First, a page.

Integrated regional policy to be put together
A report to the Regional Growth Forum’s 9 May meeting said significant open space is being severely compromised because its value isn’t recognised in an integrated policy framework.
The report, by policy analyst Emma Oliver, set out six policy issues — from the basic theme that continued population growth will threaten quantity and quality, to a need to provide for linkages to the region’s open space network — and three management issues.
Most are issues for sensibly developing a healthier environment. Planners will now work on an open space strategy for the region.
Two significant issues in property development terms are the third and fourth of the policy issues: “The provision of open space needs to be an integral part in the planning of new urban and intensification areas,” and “Urban intensification can have adverse effects on open space values if not co-ordinated or planned effectively.”
On the first of these two points, Ms Oliver said the forum should:
develop a consistent and agreed set of criteria or guidelines to assess the diversity and quality etc of open space which should be provided within both structure and concept plans
apply relevant growth strategy principles to the structure or concept plans relating to new urban and intensification areas, and
investigate mechanisms that may be applied to direct growth away from sensitive or highly valued open space areas. On the second of these two policy issues, she said the forum should:
undertake a comprehensive study into the open space requirements of urban intensification developments, and
develop criteria or design standards for open space requirements to be applied in urban intensification areas. Ms Oliver said the best way to deal with intensification of rural land use was through rural sector plans, which would be demonstrated in the rural sector plan about to be prepared for the southern sector agreement.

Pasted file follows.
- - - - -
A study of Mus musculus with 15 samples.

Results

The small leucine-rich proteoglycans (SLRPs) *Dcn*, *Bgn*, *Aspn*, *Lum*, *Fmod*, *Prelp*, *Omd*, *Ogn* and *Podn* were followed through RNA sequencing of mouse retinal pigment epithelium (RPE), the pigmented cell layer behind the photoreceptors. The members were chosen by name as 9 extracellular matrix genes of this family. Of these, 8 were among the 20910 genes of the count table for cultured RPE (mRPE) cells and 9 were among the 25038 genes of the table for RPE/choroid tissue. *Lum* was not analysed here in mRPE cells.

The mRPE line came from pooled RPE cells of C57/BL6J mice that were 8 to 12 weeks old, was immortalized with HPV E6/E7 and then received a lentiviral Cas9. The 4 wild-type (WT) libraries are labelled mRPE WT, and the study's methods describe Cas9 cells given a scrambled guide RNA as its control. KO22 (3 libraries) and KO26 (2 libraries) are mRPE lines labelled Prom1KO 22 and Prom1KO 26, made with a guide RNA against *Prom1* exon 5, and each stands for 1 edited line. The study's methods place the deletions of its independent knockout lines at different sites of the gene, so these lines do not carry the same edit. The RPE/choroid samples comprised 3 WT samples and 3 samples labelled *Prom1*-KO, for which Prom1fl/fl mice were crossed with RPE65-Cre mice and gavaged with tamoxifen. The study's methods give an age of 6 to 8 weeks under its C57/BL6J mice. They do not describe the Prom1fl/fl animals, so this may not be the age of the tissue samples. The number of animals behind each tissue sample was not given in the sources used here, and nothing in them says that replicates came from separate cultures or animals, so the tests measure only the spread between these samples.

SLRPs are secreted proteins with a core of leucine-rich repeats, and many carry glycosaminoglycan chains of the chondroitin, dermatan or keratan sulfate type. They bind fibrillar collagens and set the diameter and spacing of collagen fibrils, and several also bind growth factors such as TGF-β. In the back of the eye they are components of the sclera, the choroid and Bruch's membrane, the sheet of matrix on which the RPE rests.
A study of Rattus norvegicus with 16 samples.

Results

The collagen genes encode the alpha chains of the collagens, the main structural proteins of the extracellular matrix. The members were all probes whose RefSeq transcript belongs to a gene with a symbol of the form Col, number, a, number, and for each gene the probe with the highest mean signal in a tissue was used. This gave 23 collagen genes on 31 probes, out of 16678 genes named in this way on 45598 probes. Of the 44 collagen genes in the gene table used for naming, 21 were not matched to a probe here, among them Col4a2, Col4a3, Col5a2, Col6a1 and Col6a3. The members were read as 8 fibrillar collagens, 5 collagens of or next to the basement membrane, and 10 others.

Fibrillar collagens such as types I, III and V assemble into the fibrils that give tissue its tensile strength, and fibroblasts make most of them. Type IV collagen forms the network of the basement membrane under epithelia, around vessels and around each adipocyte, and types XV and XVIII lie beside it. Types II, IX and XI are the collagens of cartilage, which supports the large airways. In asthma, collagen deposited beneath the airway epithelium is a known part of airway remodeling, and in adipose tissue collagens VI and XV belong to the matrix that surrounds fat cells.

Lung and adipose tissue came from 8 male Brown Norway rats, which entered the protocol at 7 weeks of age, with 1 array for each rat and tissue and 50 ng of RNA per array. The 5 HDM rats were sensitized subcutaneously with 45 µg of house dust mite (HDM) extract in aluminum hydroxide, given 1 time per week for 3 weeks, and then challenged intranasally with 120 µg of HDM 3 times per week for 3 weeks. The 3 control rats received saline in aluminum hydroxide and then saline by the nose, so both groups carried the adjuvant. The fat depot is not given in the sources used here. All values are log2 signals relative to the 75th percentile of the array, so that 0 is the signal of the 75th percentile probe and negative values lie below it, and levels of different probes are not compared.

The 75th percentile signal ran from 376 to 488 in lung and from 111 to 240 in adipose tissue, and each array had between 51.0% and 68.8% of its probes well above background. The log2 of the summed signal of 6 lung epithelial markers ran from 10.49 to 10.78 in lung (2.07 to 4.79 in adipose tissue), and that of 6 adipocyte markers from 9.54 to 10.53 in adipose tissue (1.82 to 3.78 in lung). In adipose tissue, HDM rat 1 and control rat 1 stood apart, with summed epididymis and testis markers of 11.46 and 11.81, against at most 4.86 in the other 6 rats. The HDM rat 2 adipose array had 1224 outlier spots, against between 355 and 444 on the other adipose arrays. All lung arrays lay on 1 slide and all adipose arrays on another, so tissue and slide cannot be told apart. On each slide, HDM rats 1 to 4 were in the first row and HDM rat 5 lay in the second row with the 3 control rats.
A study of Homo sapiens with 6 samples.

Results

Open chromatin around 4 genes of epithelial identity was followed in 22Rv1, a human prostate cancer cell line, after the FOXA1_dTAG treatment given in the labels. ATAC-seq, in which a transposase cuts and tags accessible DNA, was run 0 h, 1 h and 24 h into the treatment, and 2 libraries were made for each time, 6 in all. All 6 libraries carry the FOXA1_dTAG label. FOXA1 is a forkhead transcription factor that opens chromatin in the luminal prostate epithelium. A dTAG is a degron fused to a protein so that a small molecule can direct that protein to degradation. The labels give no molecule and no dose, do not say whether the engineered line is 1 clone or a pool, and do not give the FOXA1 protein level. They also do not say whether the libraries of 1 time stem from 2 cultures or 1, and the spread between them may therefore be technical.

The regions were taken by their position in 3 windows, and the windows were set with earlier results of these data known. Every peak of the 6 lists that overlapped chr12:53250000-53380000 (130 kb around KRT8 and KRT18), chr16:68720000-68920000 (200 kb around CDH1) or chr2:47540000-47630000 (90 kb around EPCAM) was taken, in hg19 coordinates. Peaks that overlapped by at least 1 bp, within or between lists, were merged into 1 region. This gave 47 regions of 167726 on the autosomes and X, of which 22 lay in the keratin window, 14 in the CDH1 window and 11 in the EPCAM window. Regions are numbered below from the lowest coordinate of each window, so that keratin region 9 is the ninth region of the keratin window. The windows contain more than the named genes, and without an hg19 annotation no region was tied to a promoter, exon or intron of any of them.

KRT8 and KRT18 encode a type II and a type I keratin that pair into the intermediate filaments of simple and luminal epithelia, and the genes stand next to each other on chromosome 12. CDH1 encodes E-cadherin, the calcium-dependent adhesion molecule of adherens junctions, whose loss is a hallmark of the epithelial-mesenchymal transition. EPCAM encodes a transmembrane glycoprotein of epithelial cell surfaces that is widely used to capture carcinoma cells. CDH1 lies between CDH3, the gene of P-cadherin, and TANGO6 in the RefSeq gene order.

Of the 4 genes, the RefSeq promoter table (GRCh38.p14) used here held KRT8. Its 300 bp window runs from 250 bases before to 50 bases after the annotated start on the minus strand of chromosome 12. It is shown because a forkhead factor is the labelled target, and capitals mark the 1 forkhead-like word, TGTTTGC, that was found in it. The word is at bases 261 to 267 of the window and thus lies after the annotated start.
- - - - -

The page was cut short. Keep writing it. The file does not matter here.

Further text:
She said a failure to integrate management had already led to piecemeal decisionmaking, with different interpretations leading to inconsistencies. Work will be undertaken on developing regional definitions and concepts, and an agreed set of objectives and policies for the open space network.
Two local body planners raised major issues on the intensification/sprawl battle, during discussion on progress of the northern and western sector agreements being prepared for the growth forum.
Waitakere City planner Anne Cheng said the metropolitan urban limit was looked on at the moment as a boundary, “whereas we ought to be looking at it as a transition” from the denser urban mass to countryside. “The main thing is to prevent urban sprawl, but also to look at it from urban design and amenity issues.”
Peter Vari, from Rodney District, said the countryside living zones in the council’s proposed district plan were not expected to be seen as reserves or as the locking up of land which was privately owned.